Grief is a natural response to loss. Grieving is important because it allows us to ‘free-up’ energy that is bound to the lost person — allowing us to re-invest that energy elsewhere. Until we grieve we are likely to find reinvesting difficult; a part of us remains tied to the past.
Grieving is not forgetting. Grieving results in an ability to remember the importance of our loss—but with a new found sense of peace, rather than searing pain. No two people experience grief in the same way. The way we think and feel, the way our body functions, and the way we interact with others may all be affected.
“Bereaved Families has helped me to see that my experience of grieving is unique and individual. That just because I am reacting differently than others think I should be… doesn’t mean there is something wrong with me. I am going to be OK”.
Parent participant in Art Therapy for Grief
Grief changes us. The support that we receive or fail to receive following a loss shapes the quality of the changes that arise from our grief. While there is no right or wrong way to grieve, people who are well supported in their grief often experience healthy outcomes from loss, while buried grief has been identified as one of the root causes of many of the most pressing challenges that communities face including addictions, crime, low academic achievement, mental health problems, and physical illness. Allowing others to help us is good insurance that we will find our way through the wilderness of grief and to vital living.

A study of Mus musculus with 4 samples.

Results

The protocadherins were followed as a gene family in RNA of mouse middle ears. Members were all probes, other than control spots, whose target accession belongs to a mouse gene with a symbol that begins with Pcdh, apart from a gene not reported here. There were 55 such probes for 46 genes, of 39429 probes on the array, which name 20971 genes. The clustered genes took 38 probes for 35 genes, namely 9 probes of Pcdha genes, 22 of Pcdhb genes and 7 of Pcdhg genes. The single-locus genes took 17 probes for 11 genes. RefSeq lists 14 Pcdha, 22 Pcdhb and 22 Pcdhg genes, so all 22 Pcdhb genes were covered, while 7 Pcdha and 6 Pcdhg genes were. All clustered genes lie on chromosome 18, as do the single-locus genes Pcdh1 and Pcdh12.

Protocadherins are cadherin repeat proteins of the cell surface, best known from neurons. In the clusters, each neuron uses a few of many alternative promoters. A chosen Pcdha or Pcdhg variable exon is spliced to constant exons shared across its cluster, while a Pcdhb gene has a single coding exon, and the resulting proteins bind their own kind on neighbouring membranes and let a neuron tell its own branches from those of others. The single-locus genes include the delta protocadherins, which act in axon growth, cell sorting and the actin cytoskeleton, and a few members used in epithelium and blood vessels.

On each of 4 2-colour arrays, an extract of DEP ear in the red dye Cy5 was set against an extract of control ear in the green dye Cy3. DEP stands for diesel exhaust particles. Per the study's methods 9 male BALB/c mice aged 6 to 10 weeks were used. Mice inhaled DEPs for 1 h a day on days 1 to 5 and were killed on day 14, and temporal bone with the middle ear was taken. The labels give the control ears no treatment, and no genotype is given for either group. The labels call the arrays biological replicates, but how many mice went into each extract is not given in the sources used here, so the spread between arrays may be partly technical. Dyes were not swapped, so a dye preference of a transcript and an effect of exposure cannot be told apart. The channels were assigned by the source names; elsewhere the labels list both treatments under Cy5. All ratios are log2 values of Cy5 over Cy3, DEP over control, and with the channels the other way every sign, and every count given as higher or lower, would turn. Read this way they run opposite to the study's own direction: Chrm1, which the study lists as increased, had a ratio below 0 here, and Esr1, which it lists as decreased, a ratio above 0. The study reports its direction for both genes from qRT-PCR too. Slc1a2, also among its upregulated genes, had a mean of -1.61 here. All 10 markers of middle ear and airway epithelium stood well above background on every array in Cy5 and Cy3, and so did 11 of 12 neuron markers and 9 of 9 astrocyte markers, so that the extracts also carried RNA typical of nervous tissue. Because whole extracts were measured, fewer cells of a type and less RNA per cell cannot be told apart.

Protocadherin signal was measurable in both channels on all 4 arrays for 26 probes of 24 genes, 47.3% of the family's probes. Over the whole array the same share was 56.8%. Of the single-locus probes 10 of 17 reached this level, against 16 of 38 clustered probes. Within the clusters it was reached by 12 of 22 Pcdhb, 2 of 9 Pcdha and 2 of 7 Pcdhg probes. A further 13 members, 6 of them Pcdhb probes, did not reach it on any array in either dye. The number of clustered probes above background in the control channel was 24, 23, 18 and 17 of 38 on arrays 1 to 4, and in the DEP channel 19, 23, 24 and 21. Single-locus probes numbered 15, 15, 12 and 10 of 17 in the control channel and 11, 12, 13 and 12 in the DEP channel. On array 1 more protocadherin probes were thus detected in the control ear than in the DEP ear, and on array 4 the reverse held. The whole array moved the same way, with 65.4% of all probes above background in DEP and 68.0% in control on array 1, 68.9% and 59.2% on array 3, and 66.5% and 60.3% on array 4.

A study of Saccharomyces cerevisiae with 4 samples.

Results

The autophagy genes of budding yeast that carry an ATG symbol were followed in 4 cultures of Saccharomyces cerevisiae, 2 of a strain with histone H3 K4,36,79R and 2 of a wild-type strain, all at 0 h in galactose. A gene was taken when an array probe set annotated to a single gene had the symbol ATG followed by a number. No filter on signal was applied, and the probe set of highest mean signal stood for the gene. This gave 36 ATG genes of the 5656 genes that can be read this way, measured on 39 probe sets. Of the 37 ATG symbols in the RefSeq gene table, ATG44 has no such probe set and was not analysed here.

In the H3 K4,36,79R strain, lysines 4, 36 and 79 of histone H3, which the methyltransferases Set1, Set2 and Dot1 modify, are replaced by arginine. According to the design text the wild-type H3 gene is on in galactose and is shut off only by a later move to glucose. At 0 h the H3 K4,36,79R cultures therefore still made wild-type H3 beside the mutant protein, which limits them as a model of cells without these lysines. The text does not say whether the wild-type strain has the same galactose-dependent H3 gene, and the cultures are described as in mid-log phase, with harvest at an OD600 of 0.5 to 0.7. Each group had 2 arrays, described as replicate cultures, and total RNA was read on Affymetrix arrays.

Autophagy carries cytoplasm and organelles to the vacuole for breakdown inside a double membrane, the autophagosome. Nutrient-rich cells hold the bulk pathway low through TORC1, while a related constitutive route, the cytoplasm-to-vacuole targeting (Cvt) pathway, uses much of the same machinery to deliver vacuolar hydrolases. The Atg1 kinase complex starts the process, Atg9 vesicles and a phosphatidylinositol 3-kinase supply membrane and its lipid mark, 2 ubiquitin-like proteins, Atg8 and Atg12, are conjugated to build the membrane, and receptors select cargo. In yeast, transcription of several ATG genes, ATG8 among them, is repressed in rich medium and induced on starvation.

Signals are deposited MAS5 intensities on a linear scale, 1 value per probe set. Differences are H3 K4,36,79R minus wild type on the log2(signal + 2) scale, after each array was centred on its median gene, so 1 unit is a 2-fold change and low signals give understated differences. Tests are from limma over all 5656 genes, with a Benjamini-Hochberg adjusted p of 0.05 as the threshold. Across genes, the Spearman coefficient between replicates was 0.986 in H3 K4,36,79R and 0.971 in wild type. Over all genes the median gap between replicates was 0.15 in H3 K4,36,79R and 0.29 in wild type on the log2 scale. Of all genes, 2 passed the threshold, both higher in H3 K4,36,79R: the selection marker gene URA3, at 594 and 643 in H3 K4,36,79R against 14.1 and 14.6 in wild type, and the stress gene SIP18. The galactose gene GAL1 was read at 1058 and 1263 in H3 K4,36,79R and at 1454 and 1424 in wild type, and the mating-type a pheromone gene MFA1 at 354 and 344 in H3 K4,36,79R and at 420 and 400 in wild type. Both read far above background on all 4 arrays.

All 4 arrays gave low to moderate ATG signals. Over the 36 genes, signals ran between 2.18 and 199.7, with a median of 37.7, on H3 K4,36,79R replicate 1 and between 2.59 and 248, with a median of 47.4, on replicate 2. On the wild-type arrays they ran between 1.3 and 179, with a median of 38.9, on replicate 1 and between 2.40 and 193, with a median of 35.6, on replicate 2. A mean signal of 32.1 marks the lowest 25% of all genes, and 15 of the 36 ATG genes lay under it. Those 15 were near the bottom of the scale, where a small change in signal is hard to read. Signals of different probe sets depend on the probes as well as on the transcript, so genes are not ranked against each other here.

“I learned that I wasn’t alone in my grief and pain. A lot of what others shared really helped me see my own ‘story’ from a new perspective and I left each night feeling that I could cope better with each day of the coming week.”
Participant in Loss by Suicide group
Grief versus Mourning:
You may have noticed that people tend to use the words “grieving” and “mourning” interchangeably. In fact, there is an important distinction. Grief is what happens on the inside. It is like the container that holds all of your thoughts, feelings, images related to your loss.
Mourning is when you take the grief you have on the inside and express it outside yourself, ideally in the presence of understanding, compassionate people. Talking about the person who died, crying, or expressing your feelings through art or music are examples of mourning. Many people grieve. Few mourn. Instead of being encouraged to express grief outwardly, we are often greeted with messages that relay an impatience or intolerance toward mourning, such as “move on,” and “keep busy”. Many people end up grieving within themselves in isolation, instead of outside of themselves in the presence of kind companions. That’s one of the reasons we offer peer support groups and memorial events. Both grief and mourning are necessary to heal and to experience a renewed sense of meaning and purpose.